Don’t Ask Me Where I’m from during a Gynecological Exam. non-fiction by Domnica Radulescu

picture radulescu

Don’t Ask Me Where I’m from during a Gynecological Exam

In general, don’t ask me where I’m from, all right? Don’t tell me about my accent and how it’s cute and interesting, or that it’s so cool I come from such and such a place and how you know another person from my country or a neighboring country, who is your sister-in-law’s nanny or cleaning woman or dentist. Control yourself. Keep your selfish curiosity about my origins and accent and where I’m from. I haven’t asked you about any of that because truly I don’t give a damn. And neither should you give a damn about where I’m from. Don’t ask just so you can establish your Americanness and my foreignness; just so you can feel good about being interested in other cultures; just so you can tell the next person with an accent that you met another person with an accent; or so you can tell your sister-in-law that you met someone else from the same country as her cleaning lady. Really now. Why would you need to know about my origins and my accent, unless you are a linguistic anthropologist studying accents in the English language, and you are working on some study about the sociopolitical or ethnographic importance of accents.

If you are a linguistic anthropologist, shouldn’t you be savvy and sensitive enough not to be asking such questions in this uncouth manner, or not at all? And if you insist on going ahead, then clearly you haven’t learned a thing about the need for thoughtfulness in all human interactions. You know nothing about the tender spots that us immigrants, refugees, exiles, in these blessed United States (where, by the way, I too am a citizen just like you) carry imprinted deeply in our psyches. Nor do you grasp the duplicities and layers of identity, the landscapes and realities carved in our flesh and hearts! Furthermore, your work on the sociopolitical value of accents is worthless no matter how famous you are and how prestigious the press is that’s publishing this great study of yours. So, when I am in the grocery store and I ask where the aisle for sun-dried tomatoes is, or gluten-free breads, don’t you even think of asking me where I am from and what kind of accent I have! Just tell me where the sun-dried tomatoes and the gluten-free breads are, if you have any.

Most importantly — sun-dried tomatoes and gluten-free bread aside — don’t you even get anywhere close to thinking that you can ask me about where I’m from or mention that my accent is lovely during a gynecological exam. I am lying here with a huge thing, a probe, an instrument inserted inside my vagina. I’m vulnerable and worried, wondering what the result of this examination might be. Yet, as you examine the depths of my reproductive system, the cervical tunnel, the cave of my uterus, the pear shaped balls of my ovaries, and as this wonder of modern medicine, the ultrasound probe, is probing like mad inside the most intimate cavities of my body, you think it’s all right to comment on the loveliness of my accent — as you dig deeper, both literally and figuratively — and ask about the origin of my accent, and then announce how exciting it is for you to find out about people’s origins and accents.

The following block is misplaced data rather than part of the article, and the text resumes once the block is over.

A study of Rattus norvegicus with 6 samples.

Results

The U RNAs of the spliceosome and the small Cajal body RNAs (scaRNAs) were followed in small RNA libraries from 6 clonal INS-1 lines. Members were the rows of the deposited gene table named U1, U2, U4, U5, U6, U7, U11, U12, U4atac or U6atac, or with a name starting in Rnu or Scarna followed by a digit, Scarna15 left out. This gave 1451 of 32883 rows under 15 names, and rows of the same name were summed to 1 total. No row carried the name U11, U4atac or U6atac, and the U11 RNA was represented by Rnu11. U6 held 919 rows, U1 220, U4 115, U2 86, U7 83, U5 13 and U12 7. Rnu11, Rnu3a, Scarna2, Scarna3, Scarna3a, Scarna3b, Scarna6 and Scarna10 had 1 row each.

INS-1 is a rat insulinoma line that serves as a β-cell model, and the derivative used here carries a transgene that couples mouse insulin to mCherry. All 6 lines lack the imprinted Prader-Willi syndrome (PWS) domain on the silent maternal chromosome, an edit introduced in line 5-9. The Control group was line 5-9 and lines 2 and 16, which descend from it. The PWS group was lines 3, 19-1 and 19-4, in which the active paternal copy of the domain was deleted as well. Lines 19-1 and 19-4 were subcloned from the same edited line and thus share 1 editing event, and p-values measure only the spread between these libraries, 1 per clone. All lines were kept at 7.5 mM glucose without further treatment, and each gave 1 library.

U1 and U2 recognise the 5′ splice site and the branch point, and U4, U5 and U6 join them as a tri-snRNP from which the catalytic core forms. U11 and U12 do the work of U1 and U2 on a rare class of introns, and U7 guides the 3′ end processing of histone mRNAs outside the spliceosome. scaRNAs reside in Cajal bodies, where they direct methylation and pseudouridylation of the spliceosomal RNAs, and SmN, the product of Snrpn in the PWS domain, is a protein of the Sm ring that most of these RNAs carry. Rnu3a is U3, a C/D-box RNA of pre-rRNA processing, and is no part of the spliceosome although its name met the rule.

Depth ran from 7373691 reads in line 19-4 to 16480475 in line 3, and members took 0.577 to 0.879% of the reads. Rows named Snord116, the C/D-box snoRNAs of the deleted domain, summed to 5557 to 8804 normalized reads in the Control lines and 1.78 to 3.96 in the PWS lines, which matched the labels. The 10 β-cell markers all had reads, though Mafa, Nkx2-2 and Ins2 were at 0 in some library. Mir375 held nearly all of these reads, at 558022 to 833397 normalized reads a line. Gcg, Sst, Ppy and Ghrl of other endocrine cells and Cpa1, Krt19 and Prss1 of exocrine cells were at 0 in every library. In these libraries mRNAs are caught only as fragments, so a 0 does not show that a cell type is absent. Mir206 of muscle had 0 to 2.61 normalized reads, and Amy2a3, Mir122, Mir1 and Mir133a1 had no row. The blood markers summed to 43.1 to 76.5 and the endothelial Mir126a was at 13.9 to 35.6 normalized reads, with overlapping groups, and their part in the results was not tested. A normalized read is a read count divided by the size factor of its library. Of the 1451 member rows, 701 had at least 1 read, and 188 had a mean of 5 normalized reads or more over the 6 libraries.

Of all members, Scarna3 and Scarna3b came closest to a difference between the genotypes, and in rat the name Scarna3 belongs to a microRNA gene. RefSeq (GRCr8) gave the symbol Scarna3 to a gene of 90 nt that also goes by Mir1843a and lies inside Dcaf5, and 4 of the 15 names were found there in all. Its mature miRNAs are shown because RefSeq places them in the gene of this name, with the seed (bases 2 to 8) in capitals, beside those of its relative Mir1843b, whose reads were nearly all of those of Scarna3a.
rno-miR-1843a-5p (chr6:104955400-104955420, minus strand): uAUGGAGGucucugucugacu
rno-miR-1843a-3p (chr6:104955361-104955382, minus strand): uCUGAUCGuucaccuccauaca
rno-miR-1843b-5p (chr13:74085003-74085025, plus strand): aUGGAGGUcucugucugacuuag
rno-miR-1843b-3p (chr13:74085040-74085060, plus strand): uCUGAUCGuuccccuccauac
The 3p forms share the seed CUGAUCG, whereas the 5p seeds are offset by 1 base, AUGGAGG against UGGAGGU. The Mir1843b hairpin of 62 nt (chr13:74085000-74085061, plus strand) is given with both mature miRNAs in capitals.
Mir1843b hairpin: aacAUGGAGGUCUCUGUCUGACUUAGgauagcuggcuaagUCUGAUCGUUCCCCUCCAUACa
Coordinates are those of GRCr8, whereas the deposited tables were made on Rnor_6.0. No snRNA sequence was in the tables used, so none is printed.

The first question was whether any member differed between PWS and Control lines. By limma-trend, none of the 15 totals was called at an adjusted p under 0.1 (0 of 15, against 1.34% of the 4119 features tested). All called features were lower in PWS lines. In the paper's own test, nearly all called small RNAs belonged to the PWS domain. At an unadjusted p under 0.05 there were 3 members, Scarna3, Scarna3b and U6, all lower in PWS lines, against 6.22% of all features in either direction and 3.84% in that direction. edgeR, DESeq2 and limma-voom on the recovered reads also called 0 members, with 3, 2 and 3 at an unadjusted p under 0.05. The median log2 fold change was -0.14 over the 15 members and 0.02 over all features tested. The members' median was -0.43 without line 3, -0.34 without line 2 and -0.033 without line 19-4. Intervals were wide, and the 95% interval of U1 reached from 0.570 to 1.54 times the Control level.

I have a bottomless bag of insults, swear words for every part of male and female genitalia, and every action performed by those different parts, that I badly want to hurl in your face in the four or five languages I speak. But frankly, I want to keep you on my good side for now because you are the one with the probe inserted in my vagina, and I’m the one lying here vulnerable with my legs on the stirrup, each pointing to a different cardinal point — that is, towards the many universes of my accents, my origins, my homes, and all the parts of me that you so callously just disrespected. So, I go along and tell you about my birthplace and my accent, biting the heavy bitter nauseating bullet of this question about my accent and my origins, which I’ve heard a million times already. Meanwhile, I fantasize about all the ways I should have answered. I promise myself to act on my plans for initiating a form of activism that is a stand against questions about people’s accents and origins. I swallow my tears of rage and even smile as you go on probing my insides and sharing your interest in foreign accents. I have to keep you on my good side. You are the one with the probe and I am the one with the foreign vagina.



Darcie Friesen Hossack is a graduate of the Humber School for Writers. Her short story collection, Mennonites Don’t Dance, was a runner-up for the Danuta Gleed Award, shortlisted for the Commonwealth Writers Prize and the Ontario Library Association's Forest of Reading Evergreen Award for Adult Fiction. Citing irreverence, the book was banned by the LaCrete Public Library in Northern Alberta. Having mentored with Giller finalists Sandra Birdsell (The Russlander) and Gail Anderson Dargatz (Spawning Grounds, The Cure for Death by Lightening), Darcie's first novel, Stillwater, will be released in the spring of 2023. Darcie is also a four time judge of the Whistler Independent Book Awards, and a career food writer. She lives in Northern Alberta, Canada, with her husband, international award-winning chef, Dean Hossack.